Still, in the spirit of prediction season, I offer here 10 trends of 2012 that I think will grow even more prominent in 2013.

1. Digital marketing will continue to grow

It's pretty obvious to just about everyone that digital marketing is becoming the main channel for demand generation. But despite the adoption levels of digital marketing, there's still a lot more upside. In 2013, digital marketing will continue to see huge adoption rates as businesses of all sizes implement all manner of digital marketing tactics.

2. Digital marketing services will surge

Subsequent to digital marketing's mass adoption, digital marketing services will spike. Consultants, agencies, and new services will surge to support new users and meet their demand for assistance.

3, Content creation services and software will proliferate

Content marketing is becoming the core of just about every marketing initiative for B2B marketing as well as B2C. In 2013, we will see a host of software and services solutions for content creation and syndication emerge as companies try to use content for more demand- and lead-generation results.

4. Integrated marketing will gain popularity

After new channels stabilize as standalone, consistent lead-gen options (social media, content marketing) and new channels and tactics emerge with enormous promise (mobile, retargeting), 2013 will become the year of integrated marketing campaigns. Marketers will try to combine tactics to make use of the compounded effect of multiple channels' working in unison. The market will react as more solutions will come to offer the ability to manage and measure integrated campaigns in one place, marking a decline in the adoption of one-dimensional solutions.

5. Direct mail will make a return

While digital marketing rises, sophisticated marketers will recognize the potential of direct mail coupled with an online connection to break through the noise. Solutions and services that offer integrated—offline and online—approaches will emerge and gain traction as a result of being affordable and highly measurable.

6. Big Data applications will emerge

Big Data has been the hot topic in the media for the last 18 months, and big companies such as HP, IBM, Microsoft, and other software conglomerates have been developing solutions to tackle Big Data. In 2013, we will see solutions emerge and adopted that offer big data applications for day-to-day marketing campaigns.

7. The immeasurable will become measurable

In 2012, we noticed a lot of talk about measurement and the ability to justify marketing efforts. As ROI becomes essential to the broad adoption of any marketing tactic, in 2013 solutions and services will find ways to measure previously immeasurable tactics and evaluate their contribution to the bottom line.

8. PPC will decline as budgets move to other paid solutions

In 2012 we've seen the first signs of decline in PPC usage for B2B companies. In the next year, more budgets will move away from PPC to new and more affordable channels and tactics.

9. Marketing spend on software will increase

As more software and infrastructure for marketing is required, Marketing's budget will match IT's.

10. Sales responsibilities will move to Marketing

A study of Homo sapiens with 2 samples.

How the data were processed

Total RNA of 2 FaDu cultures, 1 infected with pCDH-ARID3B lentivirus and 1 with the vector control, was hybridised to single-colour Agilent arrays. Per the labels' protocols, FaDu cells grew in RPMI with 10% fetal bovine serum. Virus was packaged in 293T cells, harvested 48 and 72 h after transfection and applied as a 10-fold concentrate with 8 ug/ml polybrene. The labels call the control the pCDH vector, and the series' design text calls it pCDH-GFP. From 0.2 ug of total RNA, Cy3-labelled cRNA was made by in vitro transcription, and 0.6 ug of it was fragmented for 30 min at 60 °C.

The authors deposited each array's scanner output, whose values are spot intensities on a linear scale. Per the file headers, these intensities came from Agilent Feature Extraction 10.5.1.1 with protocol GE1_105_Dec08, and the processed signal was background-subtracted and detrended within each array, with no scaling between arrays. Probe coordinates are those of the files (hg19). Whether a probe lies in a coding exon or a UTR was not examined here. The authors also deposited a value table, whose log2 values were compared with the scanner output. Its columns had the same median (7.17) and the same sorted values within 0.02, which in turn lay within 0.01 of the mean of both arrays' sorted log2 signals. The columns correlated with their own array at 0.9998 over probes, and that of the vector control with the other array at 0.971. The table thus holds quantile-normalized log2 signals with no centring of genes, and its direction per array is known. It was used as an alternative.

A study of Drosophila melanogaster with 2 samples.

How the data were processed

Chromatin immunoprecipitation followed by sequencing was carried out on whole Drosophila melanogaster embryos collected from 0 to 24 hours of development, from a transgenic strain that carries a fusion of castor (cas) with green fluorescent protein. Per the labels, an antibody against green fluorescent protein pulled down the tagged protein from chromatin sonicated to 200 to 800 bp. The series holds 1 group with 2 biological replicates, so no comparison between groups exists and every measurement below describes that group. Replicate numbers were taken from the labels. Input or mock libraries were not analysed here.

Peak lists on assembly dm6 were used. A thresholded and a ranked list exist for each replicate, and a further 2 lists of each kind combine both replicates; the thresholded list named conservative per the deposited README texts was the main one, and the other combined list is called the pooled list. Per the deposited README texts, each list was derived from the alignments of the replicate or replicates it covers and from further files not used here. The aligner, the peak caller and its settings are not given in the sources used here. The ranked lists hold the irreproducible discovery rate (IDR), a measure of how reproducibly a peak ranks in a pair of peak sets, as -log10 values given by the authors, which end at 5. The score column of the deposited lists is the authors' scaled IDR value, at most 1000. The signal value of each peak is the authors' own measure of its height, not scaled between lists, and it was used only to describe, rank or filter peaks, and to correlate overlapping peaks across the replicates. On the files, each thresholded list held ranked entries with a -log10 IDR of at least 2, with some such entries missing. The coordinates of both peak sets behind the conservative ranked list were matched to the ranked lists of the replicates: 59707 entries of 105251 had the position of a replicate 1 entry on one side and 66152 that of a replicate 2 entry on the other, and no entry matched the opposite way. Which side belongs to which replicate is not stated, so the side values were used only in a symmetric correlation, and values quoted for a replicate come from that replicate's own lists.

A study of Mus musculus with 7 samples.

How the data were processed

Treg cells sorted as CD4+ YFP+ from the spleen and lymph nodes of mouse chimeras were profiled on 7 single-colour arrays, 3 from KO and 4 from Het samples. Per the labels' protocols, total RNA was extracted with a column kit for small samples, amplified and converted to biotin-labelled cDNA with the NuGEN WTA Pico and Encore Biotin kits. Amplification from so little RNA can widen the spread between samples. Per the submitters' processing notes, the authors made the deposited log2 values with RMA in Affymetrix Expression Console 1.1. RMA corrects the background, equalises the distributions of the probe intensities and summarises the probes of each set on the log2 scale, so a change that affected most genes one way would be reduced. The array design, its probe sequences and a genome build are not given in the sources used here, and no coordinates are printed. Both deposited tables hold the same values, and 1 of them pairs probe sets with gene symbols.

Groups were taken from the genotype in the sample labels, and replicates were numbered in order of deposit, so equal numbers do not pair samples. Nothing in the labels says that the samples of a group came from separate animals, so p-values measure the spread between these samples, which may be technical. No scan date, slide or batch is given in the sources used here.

The expansion of lead generation responsibilities in B2B marketing is resulting in the moving of more sales-related tasks to Marketing. In 2013 we will see marketing teams take over more sales tasks, such as lead qualification, inside sales team management, and sales operations.


Twitter: @uribarjoseph

LinkedIn: Uri Bar-Joseph


    Great article, very useful and quite frankly, it is heartening to read Point 5, advocating the integration of digital and direct mail. I run a printing company and a branding agency and this is an approach we've encouraged for many years but our experience is that clients have put less and less weight on direct mail, opting instead for what they consider to be the cheaper option of digital marketing.

    It is my opinion that direct mail will gain more momentum as people realise that there is actually less noise in this area these days than there is with digital/social marketing!

  • by Judy Van Der Linden Thu Dec 20, 2012 via web

    Great article as I prepare for our 2013 marketing budget.

  • by Nel Thu Dec 20, 2012 via web

    What will replace PPC?

  • by Matt Smith Fri Dec 21, 2012 via web

    Uri, Very insightful article, I particularly agree with point #10. We see more and more of our clients shifting traditional sales tasks and responsibilities to the marketing role. We wrote an article about our take on it that you may enjoy called "Is It Time Sales Reports To Marketing? Maybe So!"

  • by Gregg Hamilton Mon Jan 14, 2013 via web

    Our (AdGooroo's) data suggests that PPC spend was healthy among B2B marketers in 2012, rising quite sharply in the sub-categories of Business Insurance, Salesforce Automation and Wholesaling and that the number of participating PPC advertisers increased over the course of the year in more than half of the B2B sub-categories in our vertical taxonomy. So, any declines in spend by B2B advertisers that you witnessed may be attributable to increased competition for search traffic. Spreading limited search volume across more advertisers implies lowered share of impressions, clicks and spend for all but the most dominant SEMs.

  • by Patricia Hill Wed Jan 23, 2013 via web

    Would love to hear some Big Data success stories / lessons learned from the marketing perspective.